Scan the seats inside T-Mobile Arena on Tuesday night and spot a mixture of navy blue and true blue, not so sutbtly signaling a loyaly to Gonzaga or UCLA.
Scan the court and see the best two teams in the country. And perhaps its best player — along with one of the city’s native sons.
Scan the sideline and see a living legend, back where he belongs.
Behold the pagentry of college basketball in Las Vegas.
The No. 1 Bulldogs and No. 2 Bruins battled in the final of the Good Sam Empire Classic, drawing an anounced crowd of 12,975 to watch a rematch of one of the most memorable games in Final Four history. The rematch wasn’t as dramatic. Rather, it wasn’t competitive as Gonzaga rolled 83-63 and led by double digits for the final 34 minutes.
But the basketball crazed crowd didn’t seem to care, remaining engaged all night to celebrate the 43rd all-time matchup between No. 1 and No. 2.
“It reminded me of something maybe you’d see in a regional final,” said Bulldogs coach Mark Few. “It was loud. Both fans showed up. Great atmosphere, and the atmosphere matched perfectly with the game and what was at stake and the two teams that were out there.”
Gonzaga freshman Chet Holmgren showcased all of his two-way brilliance, unveiling the exceptional skill set that has NBA scouts salivating. The slender 7-footer finished with 15 points on 6-of-8 shooting, six rebounds and four blocks — essentially denying Bruins ball handlers the paint with his length, timing and mobility.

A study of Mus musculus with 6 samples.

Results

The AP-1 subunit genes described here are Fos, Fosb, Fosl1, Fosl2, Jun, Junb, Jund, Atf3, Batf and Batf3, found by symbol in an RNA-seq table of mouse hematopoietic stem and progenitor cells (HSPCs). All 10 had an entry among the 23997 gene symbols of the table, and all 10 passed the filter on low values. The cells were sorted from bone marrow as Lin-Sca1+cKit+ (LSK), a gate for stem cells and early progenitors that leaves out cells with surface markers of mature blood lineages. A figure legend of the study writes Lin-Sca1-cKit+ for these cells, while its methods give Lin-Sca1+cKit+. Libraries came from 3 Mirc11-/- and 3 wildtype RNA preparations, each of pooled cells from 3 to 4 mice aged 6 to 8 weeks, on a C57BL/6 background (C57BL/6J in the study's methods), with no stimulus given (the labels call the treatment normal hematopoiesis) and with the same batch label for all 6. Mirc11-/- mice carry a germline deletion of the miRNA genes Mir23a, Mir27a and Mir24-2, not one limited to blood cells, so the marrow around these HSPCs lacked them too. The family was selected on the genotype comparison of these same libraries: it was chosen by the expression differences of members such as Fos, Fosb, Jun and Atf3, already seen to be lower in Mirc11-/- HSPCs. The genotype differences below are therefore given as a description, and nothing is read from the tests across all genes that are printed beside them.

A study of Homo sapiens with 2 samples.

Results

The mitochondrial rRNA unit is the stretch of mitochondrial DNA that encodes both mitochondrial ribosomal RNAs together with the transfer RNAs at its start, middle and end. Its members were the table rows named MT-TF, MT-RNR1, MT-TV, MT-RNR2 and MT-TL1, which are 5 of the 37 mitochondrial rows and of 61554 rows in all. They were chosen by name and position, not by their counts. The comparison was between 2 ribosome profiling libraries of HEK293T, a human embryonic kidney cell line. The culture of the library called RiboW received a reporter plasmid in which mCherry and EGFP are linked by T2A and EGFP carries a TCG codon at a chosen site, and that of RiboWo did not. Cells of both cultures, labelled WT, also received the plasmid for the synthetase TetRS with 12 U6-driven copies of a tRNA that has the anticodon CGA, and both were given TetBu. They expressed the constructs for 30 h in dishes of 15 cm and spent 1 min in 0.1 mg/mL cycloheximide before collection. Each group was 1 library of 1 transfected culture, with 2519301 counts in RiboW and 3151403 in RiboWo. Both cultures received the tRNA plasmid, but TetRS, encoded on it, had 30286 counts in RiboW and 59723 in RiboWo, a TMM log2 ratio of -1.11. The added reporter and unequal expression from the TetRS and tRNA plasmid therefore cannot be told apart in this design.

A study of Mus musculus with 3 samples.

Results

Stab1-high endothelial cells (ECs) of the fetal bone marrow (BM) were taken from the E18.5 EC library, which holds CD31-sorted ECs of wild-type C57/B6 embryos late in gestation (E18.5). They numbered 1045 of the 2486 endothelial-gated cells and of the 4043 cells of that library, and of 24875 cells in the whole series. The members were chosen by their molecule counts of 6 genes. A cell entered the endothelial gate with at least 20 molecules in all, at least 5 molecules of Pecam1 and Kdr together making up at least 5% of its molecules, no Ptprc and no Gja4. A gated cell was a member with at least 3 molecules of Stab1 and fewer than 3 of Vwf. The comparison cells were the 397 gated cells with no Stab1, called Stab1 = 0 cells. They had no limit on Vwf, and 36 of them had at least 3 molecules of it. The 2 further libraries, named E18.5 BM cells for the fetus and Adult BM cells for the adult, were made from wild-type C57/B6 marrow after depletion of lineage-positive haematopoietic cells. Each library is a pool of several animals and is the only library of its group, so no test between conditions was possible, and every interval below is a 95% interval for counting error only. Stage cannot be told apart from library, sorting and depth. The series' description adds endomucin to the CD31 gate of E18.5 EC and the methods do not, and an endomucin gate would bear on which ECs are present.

He’s a smooth ball handler, too, for his size. Example: He erased a shot at the rim, grabbed a rebound, pushed in transition, shook UCLA senior big man Myles Johnson with a behind-the-back dribble and effortlessly dunked with two hands.
— Gonzaga Basketball (@ZagMBB) November 24, 2021
One singular sequence encapsulated his No. 1 pick potential.
“It’s just Chet. There’s no other way to describe it,” Gonzaga junior big man Drew Timme said. “He’s one of a kind.”
Liberty graduate, Las Vegas native and Bulldogs sophomore Julian Strawther was announced last among Gonzaga’s starters in a classy acknowledgement of a homecoming that continues Friday against No. 5 Duke at T-Mobile Arena. He buried two catch-and-shoot 3-pointers and was active on the glass en route to 12 points and nine rebounds.
All the while, ESPN’s Dick Vitale was on the call for the first time this season, flanked courtside by broadcast partner Dave O’Brien. The 82-year-old coach turned commentator is one of the faces of college basketball and revealed in October that he’d been diagnosed with cancer. He’s undergoing chemotherapy, but was cleared by his doctors in Florida to work Tuesday.
Besides, he wasn’t going to miss a matchup of this magnitude.
Public address announcer Chet Buchanan honored Vitale, known to many as “Dickie V,” with a brief tribute during a media timeout in the first half. The T-Mobile Arena crowd welcomed Vitale with a standing ovation, and he smiled bashfully as he appeared on the video board.
He’s back, baby.
“He just loves this game. And he’s done so much for this game. … What an ambassador for college basketball he is,” Few said. “You talk about making an impact in your life, man. Dickie V has made an impact.”